History of Economic Thought
|Kod Erasmus / ISCED:||
|Nazwa przedmiotu:||History of Economic Thought|
|Jednostka:||Wydział Nauk Ekonomicznych|
Przedmioty obowiązkowe dla I r. st. lic.( Finanse i Inwestycje Międzynarodowe) - RE
|Punkty ECTS i inne:||
Understanding the economic point of view is crucial in teaching economics. Reading the works of such authors as A. Smith, J. M. Keynes, and M. Friedman gives a unique opportunity of understanding the way economists conceptualize the economy. The course will be based on lectures combined with in-class discussions. Students will learn the concepts and theories of prominent economists, as well as ways of analyzing and interpreting texts, writing papers and preparing scientific presentations. The pass mark for the seminar is the activity in class (including Power Point presentation), writing an essay and passing the final exam.
1. Economics, history of economics ,and economic point of view
2. The origins of economic thought, the first economic systems
(i) first economic insights: Xenophon, Aristotle, and St. Thomas; (ii) The first economic systems: Mercantilism and Physiocrats.
II. CLASSICAL ECONOMICS
3. Economics of Adam Smith
Wealth and wealth factors, theory of value, distribution theory, theory of production, social philosophy, "Wealth of Nations", "invisible hand".
4. Division and the increase of wealth: D. Ricardo
Ricardian economics: the division of wealth; the theory of exchange value, the fundamental rights of distribution, capital accumulation and economic growth. The debate about the stability of the economy: Ricardo Vs. Malthus.
5. Canon laws of classical economics
J.St.Mill and institutions of liberal economics: the role of state, private property and competition. Canon laws of classical economics. The concept of homo economicus.
III. Reaction to Classical economics
6. The economics of K. Marx
(i) Utopian socialism; older historical school. (ii) the dialectics of social development. Value, and exchange value. Conflicts between labor and capital. Laws of motion of capitalism.
IV. Neo-classical economics
7. The Marginal revolution
(i) the emergence of marginal analysis: C. Menger, W.St. Jevons, L. Walras. Criticism of classical theory of value and price. The theory of marginal utility. Exchange theory. (ii) the development of marginal analysis
8. General equilibrium theory: L. Walras
Outline of the general equilibrium model. Conditions for the formalization of the model.
9. Partial equilibrium and neoclassical research program: A. Marshall
Theory of value and price: utility and costs. Theory of value. Factors of production, supply and costs. Market: demand - supply - price, current price, etc.
V. INSTITUTIONALISM AND HISTORICAL AND SCHOOL
10. Institutions and historical approach: T. Veblen, and M. Weber
(i) Institutionalism of T. Veblen; Veblen's critique of neoclassical economics, institutional analysis of capitalism, the theory of the leisure class. (ii) the Younger historical school of M. Weber; (iii) Protestantism and the rise of capitalism.
VI. CONTEMPORARY ECONOMICS
11. Macroeconomics: Keynesian Revolution
Keynes' critique of (neo)classical economics. The principle of effective demand. Theory of Employment. Liquidity preference theory. The principles of economic policy. Keynesian social philosophy.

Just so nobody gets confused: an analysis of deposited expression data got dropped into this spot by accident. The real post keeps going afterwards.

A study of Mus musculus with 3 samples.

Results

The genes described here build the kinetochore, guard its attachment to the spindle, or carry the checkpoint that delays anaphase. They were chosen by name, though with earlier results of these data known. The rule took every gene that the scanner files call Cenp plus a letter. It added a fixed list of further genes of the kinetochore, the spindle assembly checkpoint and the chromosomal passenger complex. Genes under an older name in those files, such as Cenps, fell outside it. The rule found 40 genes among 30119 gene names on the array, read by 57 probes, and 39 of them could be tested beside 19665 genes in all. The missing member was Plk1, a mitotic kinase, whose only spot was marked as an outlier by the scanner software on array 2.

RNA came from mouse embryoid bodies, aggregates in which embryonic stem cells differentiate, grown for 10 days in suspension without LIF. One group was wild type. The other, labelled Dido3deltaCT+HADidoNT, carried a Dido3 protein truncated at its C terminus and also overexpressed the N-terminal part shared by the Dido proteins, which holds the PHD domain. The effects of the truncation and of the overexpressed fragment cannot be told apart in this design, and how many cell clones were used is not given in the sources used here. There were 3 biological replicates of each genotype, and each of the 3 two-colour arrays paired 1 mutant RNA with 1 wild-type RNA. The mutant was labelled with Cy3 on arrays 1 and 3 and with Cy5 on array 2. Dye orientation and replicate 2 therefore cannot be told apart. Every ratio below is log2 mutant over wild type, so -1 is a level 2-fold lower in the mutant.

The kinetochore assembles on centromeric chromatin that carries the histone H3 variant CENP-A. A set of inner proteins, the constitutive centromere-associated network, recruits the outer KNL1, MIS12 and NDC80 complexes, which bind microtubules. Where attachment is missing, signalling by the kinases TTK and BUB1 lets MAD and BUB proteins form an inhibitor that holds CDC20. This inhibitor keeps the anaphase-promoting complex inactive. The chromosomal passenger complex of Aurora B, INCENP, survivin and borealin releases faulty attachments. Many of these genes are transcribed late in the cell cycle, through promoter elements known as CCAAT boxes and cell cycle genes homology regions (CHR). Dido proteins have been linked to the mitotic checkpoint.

12. Macroeconomics: monetarism
M. Friedman's theory of money demand. Inflation and unemployment in the monetarist view. The theory of the natural rate of unemployment. The principles of economic policy.
13. The dominance of neoclassical economics
(i) Development of microeconomics: the theory of imperfect competition and monopoly. The theory of general equilibrium. Economic imperialism. (ii) the formalistic revolution in economics; The birth and development of econometrics. Game theory.
14. Austrian School and the new institutional economics
(i) the Austrian school; methodological underpinings; coordination and the market process, the theory of spontaneous order (Hayek); (ii) institutionalism of Veblen to Galbraith. (iii) New institutional economics: R. Coase and O. Williamson.
15. The evolution of the economic point of view
H. Landreth i D.C. Colander, History of Economic Thought, Wyd. Naukowe PWN, Wydanie II, uzupełnione, Warszawa 2005.
Moreover, studens are required to read the materials provided by the instructors.
|Efekty uczenia się:||
I. In terms of knowledge:
a / gets to know the economic point of view on socio-economic phenomena by studying the history of economics;
b / knows the basic ideas and economic theories;
c / understands the importance of the history of economics for the later teaching of economic theory.
II. In terms of skills:
d / can prepare a presentation and write an essay according to writing theses rules in force at the Faculty of Economic Sciences, University of Warsaw
e / learn to take part in in-class discussions.
KW03, KW01, KW02, KU01, KK01, KK02, KK03
|Metody i kryteria oceniania:||
The final assessment consists of two elements - credits from the course (40%) and final exam (60%).
1. Credits from the course courses
It is based on the presence and activity in class, presentation and also a written paper. Evaluation of classes consists of two parts: the paper accounts for 25% and the presentation and activity of 15%.
The written exam consists of multiple choice questions (50% of total no of points from the exam) and short essay (50% of total no of points from the exam). In the case of the essay, students choose a theme from at least three proposed by the examiner. Passing the exam is a prerequisite for receiving credit. The pass mark is to get 50% points.
Zajęcia w cyklu "Rok akademicki 2023/24" (w trakcie)
Właścicielem praw autorskich jest Uniwersytet Warszawski.